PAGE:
URBANA (AP) – New video technology offering patients help from language interpreters via smartphone or tablet is being adopted at a growing number of hospitals in central Illinois, as proponents point to advantages on top of making the process more personal.
The face-to-face component enables the use of sign language, and because the work is done remotely, interpreters can be found quicker. It also lifts the interpreting burden off of family members who may be unfamiliar with medical terminology or may summarize information incorrectly.
Presence Covenant Medical Center in Urbana and Presence United Samaritans in Danville are the latest to put the technology to use, The (Champaign) News-Gazette reported Saturday.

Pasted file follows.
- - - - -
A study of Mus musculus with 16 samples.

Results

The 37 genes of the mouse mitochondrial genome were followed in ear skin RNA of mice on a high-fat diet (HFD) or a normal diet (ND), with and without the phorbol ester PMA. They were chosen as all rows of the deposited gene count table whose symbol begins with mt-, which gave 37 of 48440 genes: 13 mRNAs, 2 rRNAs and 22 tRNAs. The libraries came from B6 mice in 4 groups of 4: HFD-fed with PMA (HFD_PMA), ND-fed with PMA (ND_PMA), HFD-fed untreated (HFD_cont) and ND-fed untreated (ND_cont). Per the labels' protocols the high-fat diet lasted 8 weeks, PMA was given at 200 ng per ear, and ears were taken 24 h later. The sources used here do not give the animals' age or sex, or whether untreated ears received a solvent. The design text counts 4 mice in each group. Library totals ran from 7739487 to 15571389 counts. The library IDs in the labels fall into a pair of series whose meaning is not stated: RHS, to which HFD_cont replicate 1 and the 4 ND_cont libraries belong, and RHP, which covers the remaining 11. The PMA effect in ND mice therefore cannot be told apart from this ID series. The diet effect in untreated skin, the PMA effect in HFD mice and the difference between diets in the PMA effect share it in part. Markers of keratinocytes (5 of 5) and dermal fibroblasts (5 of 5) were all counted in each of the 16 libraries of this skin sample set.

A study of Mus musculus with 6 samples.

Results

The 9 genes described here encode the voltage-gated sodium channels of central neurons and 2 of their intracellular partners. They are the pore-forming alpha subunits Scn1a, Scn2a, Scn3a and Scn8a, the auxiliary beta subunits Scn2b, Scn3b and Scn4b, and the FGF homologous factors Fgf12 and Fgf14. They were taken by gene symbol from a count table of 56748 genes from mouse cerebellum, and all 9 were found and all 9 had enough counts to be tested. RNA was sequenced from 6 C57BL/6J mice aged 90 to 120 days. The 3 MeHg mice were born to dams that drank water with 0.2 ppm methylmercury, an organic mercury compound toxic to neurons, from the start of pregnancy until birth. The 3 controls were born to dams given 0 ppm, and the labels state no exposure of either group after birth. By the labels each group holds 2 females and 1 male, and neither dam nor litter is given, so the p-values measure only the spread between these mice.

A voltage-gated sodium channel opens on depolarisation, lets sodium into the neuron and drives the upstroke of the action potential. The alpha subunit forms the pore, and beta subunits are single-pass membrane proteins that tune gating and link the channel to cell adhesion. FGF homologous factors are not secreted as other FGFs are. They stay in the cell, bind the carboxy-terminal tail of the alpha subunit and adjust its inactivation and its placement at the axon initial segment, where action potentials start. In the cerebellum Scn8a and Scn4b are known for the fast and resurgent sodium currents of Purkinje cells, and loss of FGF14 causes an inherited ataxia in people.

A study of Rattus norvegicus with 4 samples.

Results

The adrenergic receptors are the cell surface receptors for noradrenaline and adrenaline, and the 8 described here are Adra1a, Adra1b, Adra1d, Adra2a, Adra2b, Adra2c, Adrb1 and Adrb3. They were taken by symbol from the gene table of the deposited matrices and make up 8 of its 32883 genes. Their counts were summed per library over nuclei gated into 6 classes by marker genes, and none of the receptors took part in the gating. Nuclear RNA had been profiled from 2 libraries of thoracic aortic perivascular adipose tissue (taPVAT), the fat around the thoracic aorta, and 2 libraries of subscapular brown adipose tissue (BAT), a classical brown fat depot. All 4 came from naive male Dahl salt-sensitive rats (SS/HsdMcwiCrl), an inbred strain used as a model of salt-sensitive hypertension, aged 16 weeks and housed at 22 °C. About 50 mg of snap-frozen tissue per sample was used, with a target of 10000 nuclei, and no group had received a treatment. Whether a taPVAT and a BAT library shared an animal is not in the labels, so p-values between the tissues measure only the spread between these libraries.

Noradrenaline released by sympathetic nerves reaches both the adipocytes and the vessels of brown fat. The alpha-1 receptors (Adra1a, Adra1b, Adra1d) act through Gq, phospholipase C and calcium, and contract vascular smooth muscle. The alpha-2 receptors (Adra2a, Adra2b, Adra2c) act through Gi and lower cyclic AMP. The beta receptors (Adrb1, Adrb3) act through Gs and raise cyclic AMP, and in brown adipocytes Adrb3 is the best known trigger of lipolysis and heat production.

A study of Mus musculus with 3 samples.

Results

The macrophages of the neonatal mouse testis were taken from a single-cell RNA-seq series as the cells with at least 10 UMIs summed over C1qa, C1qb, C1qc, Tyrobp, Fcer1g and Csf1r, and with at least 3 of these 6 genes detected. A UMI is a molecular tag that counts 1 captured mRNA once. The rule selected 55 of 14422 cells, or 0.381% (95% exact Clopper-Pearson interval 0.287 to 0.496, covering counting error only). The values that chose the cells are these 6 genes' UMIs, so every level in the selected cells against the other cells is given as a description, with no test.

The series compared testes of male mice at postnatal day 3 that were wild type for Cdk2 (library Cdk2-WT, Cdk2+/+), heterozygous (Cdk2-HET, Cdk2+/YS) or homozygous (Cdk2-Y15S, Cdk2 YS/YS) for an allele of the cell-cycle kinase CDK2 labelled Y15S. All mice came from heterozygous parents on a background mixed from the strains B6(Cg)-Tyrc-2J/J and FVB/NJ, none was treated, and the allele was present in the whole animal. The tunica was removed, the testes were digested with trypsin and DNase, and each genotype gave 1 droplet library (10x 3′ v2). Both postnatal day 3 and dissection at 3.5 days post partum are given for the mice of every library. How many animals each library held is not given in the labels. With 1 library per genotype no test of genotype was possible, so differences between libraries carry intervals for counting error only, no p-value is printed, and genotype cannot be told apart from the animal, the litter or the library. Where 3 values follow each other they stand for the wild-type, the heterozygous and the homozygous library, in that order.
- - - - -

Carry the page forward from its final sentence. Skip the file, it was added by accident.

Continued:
Both hospitals already were offering phone interpreters in 180 languages. But the video element adds an important dimension and broadens the range of skills interpreters can put to use, such as sign language, said United Samaritans spokeswoman Gretchen Yordy.
Covenant language services supervisor Alejandra Coronel said a professional interpreter can do the job with more detachment than a relative.
“If you are there with a family member, you might be biased in the information you’re going to provide to your loved one,” she told The News-Gazette. “Or it can be complicated because it might be an abuser who is bringing the loved one. We don’t know if the patient is being served in the way they are supposed to be served.”
Coronel said sometimes family members thrust into the role of interpreter can come away with feelings of guilt if the patient later dies. They might wonder if there was a miscommunication that led to a wrong treatment, she said.
The Presence hospitals are using a service called LanguageU through LanguageLine Solutions.